Teens Crusade to Stomp Out Smoking in Chicago-Area Public Parks
So much for fresh air and inspiring healthy habits for your impressionable offspring. But here's some news to celebrate: If you happen to be hanging out at a park in Chicago's northern suburbs, you and your young ones may spot a group of teens scouring the parks, picking up stale butts and calling for bans on smoking in public parks, the Chicago Tribune reports.
Advocates -- and parents -- are applauding the teens' efforts, saying prohibiting tobacco use in public parks is a good idea not only because of its positive impact on public health and the environment, but because it sets a strong example for little kids to stay away from cigarettes, the newspaper says.
Inspired by SmokeFreeIllinois.org, a statewide effort which has banned outdoor smoking in 40 park districts, and the City of Chicago, which has banned smoking at public parks, the teenagers are directing a group called Reality Illinois in an effort to persuade park districts in Lake County (the northern suburbs in the state) to ban tobacco in parks, according to the Tribune.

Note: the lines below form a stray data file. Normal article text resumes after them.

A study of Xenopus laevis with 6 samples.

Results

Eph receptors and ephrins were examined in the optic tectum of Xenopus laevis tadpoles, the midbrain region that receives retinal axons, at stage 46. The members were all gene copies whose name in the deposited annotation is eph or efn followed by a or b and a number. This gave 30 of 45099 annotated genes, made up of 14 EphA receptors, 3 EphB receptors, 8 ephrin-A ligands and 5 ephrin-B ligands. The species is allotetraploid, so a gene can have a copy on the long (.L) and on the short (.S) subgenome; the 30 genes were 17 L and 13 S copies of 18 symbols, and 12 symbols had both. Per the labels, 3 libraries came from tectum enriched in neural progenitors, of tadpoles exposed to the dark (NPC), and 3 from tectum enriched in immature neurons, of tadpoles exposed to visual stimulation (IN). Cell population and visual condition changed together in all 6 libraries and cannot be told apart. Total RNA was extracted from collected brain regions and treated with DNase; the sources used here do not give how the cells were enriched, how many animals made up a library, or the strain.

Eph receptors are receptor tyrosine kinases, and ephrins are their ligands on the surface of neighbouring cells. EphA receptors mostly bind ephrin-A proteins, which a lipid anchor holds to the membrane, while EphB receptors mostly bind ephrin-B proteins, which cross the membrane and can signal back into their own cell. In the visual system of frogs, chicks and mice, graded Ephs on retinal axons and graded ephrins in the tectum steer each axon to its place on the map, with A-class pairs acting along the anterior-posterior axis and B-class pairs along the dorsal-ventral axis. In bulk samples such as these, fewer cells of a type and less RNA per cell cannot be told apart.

During the last three years, the group of about 25 teens has helped clean up more than 1,000 cigarette butts from the parks. The group also has conducted a survey of more than 1,300 Lake County residents (85 percent of them say they prefer a ban) to present to town park district board to get smoking bans in place.
"They're a place where you want to be healthy and set an example," Kevin Vargas, 17, a senior at Round Lake High School, tells the Tribune.
These smoking bans are important, according to health specialists, who say inhaling secondhand smoke can trigger asthma and breathing difficulties inside or outside. Beyond that, many people don't realize that discarded butts contain no biodegradable plastics and persistent poisons, Barbara de Nekker, community health specialist for the Lake County Department of Health, tells the Tribune.
"The same chemicals found in smoke leak into soil and the water table," she tells the newspaper. "Those chemicals are cancer-causing. Animals eat them. Children pick them up."
A recent study shows cigarette smoking not only impacts a teen's brain, but more than 80 percent of smokers picked up the habit during the teen years, according to ScienceDaily.com. Tobacco smoking is the leading preventable cause of death and disease in the United States, with more than 400,000 deaths each year attributable to smoking and its consequences, the site adds.